Everyone wants to optimize. If you’re like most companies, you have a laundry list of things you’d like to do with your site. You know instinctively that all the items on the list are of equal value. You know some might have more impact than others. You also know these items require different amounts of effort and resources. So the obvious question is, “Where do I begin?”
You’re likely familiar with Maslow’s Hierarchy of Needs, which states that human beings must first prioritize basic needs, such as food and shelter, before they’re able to seek higher needs, like social interaction and self-actualization needs. What good is owning a Harley-Davidson or finding the perfect outfit for a trip to a club if you’re starving to death?
Looking at your site in a similar fashion is extremely helpful. Since I first introduced our concept of the hierarchy of optimization last year, I’ve wanted to dig into it a little deeper:
Taking a step back and examining the entire pyramid will help you better assess where to start or assist you in knowing exactly what you’re optimizing now. The hierarchy also gives insight into optimization’s potential impact.
Let’s start at the bottom. Remember, the higher you go on the pyramid, the bigger the impact you’ll make on optimization. Also remember that the pyramid doesn’t indicate the level of effort needed to optimize, because this is as different from site to site as we are different from each other.
Function is almost below the basics. Does your site have long periods of downtime? Do you deliver hundreds or thousands of 404s? Does your shopping cart constantly freeze up on visitors? Can users log in? Do images load? Is your site heavy on customer-facing errors? As a first order of business, work to make your site as reliable as the sunrise.
Another aspect of function is making sure that back-end functions are also in place. We’ve worked with companies that were spending ample on marketing and great site widgets, but the back-end shipping process was broken, causing an embarrassing amount of orders to go unfulfilled. This isn’t sexy marketing; it’s Business 101. Why go through all the hard work to market and sell a $1,000 dress only to have the customer walk up to a dirty checkout lane with a broken cash register circa 1950?
Having solid, clean user data for analytics also falls in the function level, otherwise anything higher up on the pyramid can’t be optimized with any accuracy or confidence.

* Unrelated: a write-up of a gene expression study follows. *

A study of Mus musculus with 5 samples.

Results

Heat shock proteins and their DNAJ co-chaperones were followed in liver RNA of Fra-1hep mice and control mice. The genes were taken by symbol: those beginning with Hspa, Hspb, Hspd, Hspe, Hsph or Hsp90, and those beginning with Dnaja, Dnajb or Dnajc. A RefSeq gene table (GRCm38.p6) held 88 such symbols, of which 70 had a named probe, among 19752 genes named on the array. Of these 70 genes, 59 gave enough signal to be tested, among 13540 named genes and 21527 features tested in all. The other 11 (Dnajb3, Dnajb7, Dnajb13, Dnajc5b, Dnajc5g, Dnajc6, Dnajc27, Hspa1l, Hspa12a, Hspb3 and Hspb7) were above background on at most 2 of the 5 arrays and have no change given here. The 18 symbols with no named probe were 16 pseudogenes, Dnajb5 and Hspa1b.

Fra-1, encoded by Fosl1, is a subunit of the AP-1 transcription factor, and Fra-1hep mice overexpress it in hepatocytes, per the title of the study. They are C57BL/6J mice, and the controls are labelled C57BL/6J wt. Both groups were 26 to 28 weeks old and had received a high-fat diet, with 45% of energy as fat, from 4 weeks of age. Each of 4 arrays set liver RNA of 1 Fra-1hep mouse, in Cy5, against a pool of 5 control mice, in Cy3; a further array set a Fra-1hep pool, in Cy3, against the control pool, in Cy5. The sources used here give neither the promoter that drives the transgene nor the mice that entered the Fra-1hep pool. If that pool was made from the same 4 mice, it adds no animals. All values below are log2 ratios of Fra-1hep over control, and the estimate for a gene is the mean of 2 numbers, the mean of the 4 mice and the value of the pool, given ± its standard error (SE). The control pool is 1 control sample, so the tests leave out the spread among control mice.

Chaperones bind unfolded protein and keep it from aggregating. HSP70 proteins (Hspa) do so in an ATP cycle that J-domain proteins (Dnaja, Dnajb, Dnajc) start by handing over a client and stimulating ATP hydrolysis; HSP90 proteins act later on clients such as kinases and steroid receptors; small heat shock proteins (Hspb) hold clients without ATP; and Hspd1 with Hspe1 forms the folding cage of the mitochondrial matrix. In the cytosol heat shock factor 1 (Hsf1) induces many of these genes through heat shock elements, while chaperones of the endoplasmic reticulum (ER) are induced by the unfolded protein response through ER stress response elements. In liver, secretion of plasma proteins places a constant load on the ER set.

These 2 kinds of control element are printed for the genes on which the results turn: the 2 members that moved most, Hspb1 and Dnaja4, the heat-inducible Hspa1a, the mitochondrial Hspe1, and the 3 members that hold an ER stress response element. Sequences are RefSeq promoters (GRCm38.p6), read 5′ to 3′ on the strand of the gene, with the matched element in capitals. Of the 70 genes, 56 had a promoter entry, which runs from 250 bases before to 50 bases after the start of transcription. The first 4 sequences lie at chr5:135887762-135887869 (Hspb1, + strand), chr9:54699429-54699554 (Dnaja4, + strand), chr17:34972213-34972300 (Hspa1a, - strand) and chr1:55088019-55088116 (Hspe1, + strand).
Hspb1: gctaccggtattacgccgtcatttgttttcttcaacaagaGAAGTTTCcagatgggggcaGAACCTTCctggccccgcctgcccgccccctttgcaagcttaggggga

How accessible is your site? Remember the recent lawsuit brought against Target.com for not having alt tags on its images? Font size, language issues, and pages and sections that don’t load correctly are other accessibility issues. Browser-specific issues fall in this level as well. Check your access logs to determine if you’re under-serving or ignoring a visitor segment. Optimize for people with disabilities, allow fonts to be resizable for users who need larger print, and solve browser-specific issues. If you remember, 38 percent of the retailers had difficult-to-read fonts in our 2007 Customer Experience Study. Optimize for dial-up users (there are still plenty of them out there). Access for mobile devices should also be considered.
Are your buttons easy to find and see? Is the search dialog where users expect it? Do you use drop-downs when you could use a radio button? Usability is about moving site elements around and using size, color, and contrast to improve the ease of use of your site. Thousands of great articles have been written about usability. Jared Spool‘s are my favorites.
Call-to-action button optimization is a popular optimization item for marketers. For most, the effort is low, and it can have significant impact. Still, it’s only one aspect of the usability equation.
While similar to and often confused with usability, the intuitive layer is about improving the flow of the visitor’s site experience and optimizing aspects that keep the visitors from buying. Point-of-action assurances, product detail pop-ups, customer reviews, upfront shipping costs, and current in-stock messaging all reduce friction in the buying process, anticipate customer questions, and offer answers at the point the customer asks.
On a lead generation site, optimize form questions, try to shorten the time needed to fill out the form, and introduce ways for the visitor to take more control of when and how they’re contacted.
At the top of the pyramid are site elements that move a customer toward making a decision to buy your specific product. Persuasion issues are almost always high impact.
Improving persuasion on your site is mostly done by improving copy or product images. Product descriptions, feature tours, demos, and product comparisons (even with competitors) are considered persuasive issues. On a lead gen or B2B (define) site, it’s your service description, case studies, testimonials, and white papers. Make sure your copy addresses each of your personas.
Brand image and a site’s overall look and feel are often persuasion issues, especially if there’s a disconnect between the brand promise and site design. But have no doubt that a strong familiar branded product will forgive a multitude of site errors, as many of us have endured horrible sites and process to buy products and services we really wanted.
Assuming the bottom three levels are sound on your site, persuasion scenario planning will assist in planning and measuring the intuitive and persuasion challenges you face.
Start at the pyramid’s bottom and list each of the optimization tests or changes you need to consider. For each item, rank the effort it will take your team to make the change or test possible. Start with low-effort items, even if they’re low on the pyramid. Then work your way up.
Best of luck with your optimization efforts this year. If you need help planning and prioritizing your tests, we’d be happy to oblige.
This originally appeared in my ClickZ column from 2/29/08.